Creating Your Own Diwali Traditions

One of the big struggles of being a first generation Canadian is holding onto the traditions of our culture while embracing the modern world. While I feel really blessed that I was raised by a very traditional mom that taught me a lot about holidays and festivals, not everyone had that. I have many friends that struggle to celebrate cultural and religious holidays because they don’t know how.

AZO_3426{Last week we started painting diyas in preparation for Diwali – the kids love this tradition!}AZO_3468

Today I’m going to share a few of my family’s Diwali traditions that might be easy enough to incorporate into your holiday routine. Remember; it’s not about doing the ‘right thing’, it’s about recognizing that Diwali is a significant cultural holiday and celebrating it with your family. 

Purge Old Items & Clean House
Cleaning for Diwali is a big deal in India. Many people believe that the Laxshmiji (the Goddess of Wealth) won’t visit your home on Diwali if the home isn’t clean. You might not believe that, but it is a lovely feeling to get rid of things you don’t need and clean your house before the madness of Halloween and Christmas takeover, so I’ve adopted this tradition. Last weekend we purged, this weekend we will clean. 

AZ1_1745{Coloured rice rangoli is super easy to clean up – learn how to make it here}

Decorate the Threshold 
I’m a huge believer that a clean and welcoming threshold affects how you feel when you come back home, and the energy in your home so I focus on this area all year round. However, for Diwali we do try to dress up the door a little more than usual. Last year we did henna inspired and glitter pumpkins, and this this year we are working on a special glitter rangoli. 

celebrating-diwali-with-kids

Tell the Story of Diwali on Choti Diwali
When I was a kid we never celebrated Choti Diwali, which happens the day before Diwali, but I use it as an opportunity to share the Diwali story with my kids, (sort of like reading Twas the Night Before Christmas on Christmas Eve). After dinner I like to ask the kids to share what they remember about why we celebrate Diwali and then fill in the holes with any missing details

We also light our first diya before going to bed on Choti Diwali to get excited about Diwali celebrations the next day. The first diya is always filled with mustard oil and then we use a lot of tea lights. 

Cook Something Sweet 
At our house we do Diwali cupcakes and share them with the students and staff at the kids school. For the last three years I’ve made about 200 cupcakes every Diwali. Crazy right? Next week I’ll share this year’s recipe. You could also do cookies or a cake – whatever your family likes. 

Invite a Friend Over for Dinner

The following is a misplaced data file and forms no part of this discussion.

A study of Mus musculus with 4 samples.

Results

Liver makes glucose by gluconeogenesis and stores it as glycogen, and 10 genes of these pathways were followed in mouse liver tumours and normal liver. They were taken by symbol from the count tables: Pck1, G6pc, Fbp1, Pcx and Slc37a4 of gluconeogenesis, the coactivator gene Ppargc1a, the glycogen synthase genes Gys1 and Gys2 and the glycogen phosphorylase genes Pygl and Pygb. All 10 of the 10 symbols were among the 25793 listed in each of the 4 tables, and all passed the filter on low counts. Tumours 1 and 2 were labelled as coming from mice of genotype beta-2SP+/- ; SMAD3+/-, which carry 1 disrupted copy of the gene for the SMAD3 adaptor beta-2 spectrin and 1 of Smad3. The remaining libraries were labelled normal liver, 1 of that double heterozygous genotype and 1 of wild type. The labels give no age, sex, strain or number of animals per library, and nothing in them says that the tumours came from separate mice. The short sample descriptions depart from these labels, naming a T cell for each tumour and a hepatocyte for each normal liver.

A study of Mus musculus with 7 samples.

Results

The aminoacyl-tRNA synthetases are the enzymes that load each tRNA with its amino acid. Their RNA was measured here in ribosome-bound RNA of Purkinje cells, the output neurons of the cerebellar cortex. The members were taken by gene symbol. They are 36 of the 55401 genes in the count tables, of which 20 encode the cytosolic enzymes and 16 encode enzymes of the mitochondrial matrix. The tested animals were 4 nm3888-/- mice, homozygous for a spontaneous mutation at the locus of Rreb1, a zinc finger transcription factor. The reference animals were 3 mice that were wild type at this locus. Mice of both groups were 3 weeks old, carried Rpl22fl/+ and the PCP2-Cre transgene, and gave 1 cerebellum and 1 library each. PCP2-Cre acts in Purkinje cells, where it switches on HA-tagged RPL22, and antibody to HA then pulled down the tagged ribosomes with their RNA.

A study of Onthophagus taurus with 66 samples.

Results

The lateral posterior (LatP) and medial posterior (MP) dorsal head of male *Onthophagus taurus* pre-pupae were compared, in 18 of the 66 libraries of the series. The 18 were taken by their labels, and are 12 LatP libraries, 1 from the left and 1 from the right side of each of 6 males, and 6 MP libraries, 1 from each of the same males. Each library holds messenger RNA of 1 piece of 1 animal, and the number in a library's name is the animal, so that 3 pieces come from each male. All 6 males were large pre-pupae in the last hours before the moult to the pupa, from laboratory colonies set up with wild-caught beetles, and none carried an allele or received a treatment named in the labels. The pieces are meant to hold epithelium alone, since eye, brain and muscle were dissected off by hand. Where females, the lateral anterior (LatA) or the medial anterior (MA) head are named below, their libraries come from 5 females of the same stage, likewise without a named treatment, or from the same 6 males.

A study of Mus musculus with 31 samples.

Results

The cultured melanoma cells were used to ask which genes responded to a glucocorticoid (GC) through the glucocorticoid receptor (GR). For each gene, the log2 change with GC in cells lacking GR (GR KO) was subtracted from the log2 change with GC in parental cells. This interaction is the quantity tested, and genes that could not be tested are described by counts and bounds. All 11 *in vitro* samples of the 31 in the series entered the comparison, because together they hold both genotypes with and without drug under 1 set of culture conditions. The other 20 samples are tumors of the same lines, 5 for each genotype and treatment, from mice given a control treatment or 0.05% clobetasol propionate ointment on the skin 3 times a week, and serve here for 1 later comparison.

I always try to instill the concept of ‘Athithi Devo Bhava’/The Guest is God in my kids, so Diwali dinner without a guest just doesn’t make sense. We often invite family friends, but sometimes we also try to invite a friend that might be alone on Diwali, to welcome them into our family. In fact, since my friend Dale is in Spain this year, the kids have already started asking who will come over for Diwali this year!

Clean and Dress our Mandir
This might not be a fit for your family, but I like to clean out the Mandir, decorate the space, and add a new ‘murthi’ (religious figurine) each year. I also find that the kids ask a lot of questions around religion and Diwali when we do this together. If you don’t keep religious symbols at home you could visit the Gurudwara or Mandir. Or if you don’t want to do something religious, volunteer at the Food Bank together. Whatever you do; do it as a family.

Alternatively, you can also decorate your house like you would for Christmas. Maybe set up the mantle with some special pieces, or hang lights?

celebrating-diwali-with-kids

Let There be Light! 
Since Diwali is the festival of lights, you can’t celebrate without diyas, tea lights, and sparklers. I tend to go a little over board and fill every surface in the house with candles and diyas, but you can just do five if you like. I’m not sure why five, but that’s what my mom taught me was the minimum number of lights you should light up.

painted diya for diwali

One other tradition I love but might not be for everyone is keeping one diya lit up all night long on Diwali. I try to stay up as late as I can to nurse one diya along and keep refilling it with mustard oil. There is something about that one diya lighting up the night and making way for a prosperous year ahead that fills me with joy.

What are some of your Diwali traditions, I’d love to hear about them!

 


  1. Sonia
    October 15, 2014 / 1:40 pm

    I enjoyed reading your post. Thanks for sharing your family’s Diwali traditions :)

    • October 19, 2014 / 9:48 am

      Thank you for stopping by and taking the time to comment!

  2. October 18, 2014 / 10:40 am

    What a great post! I love all these traditions because the common thread is sharing things with your family. And staying up with just a diya and the night for company is just beautiful. Thanks for sharing. Love the photography!

    • October 19, 2014 / 9:48 am

      Thank you Taslim! I’ve been so blessed to work with such an amazing photographer lately, it’s such a treat to just create projects & recipes and have someone taking care of the rest.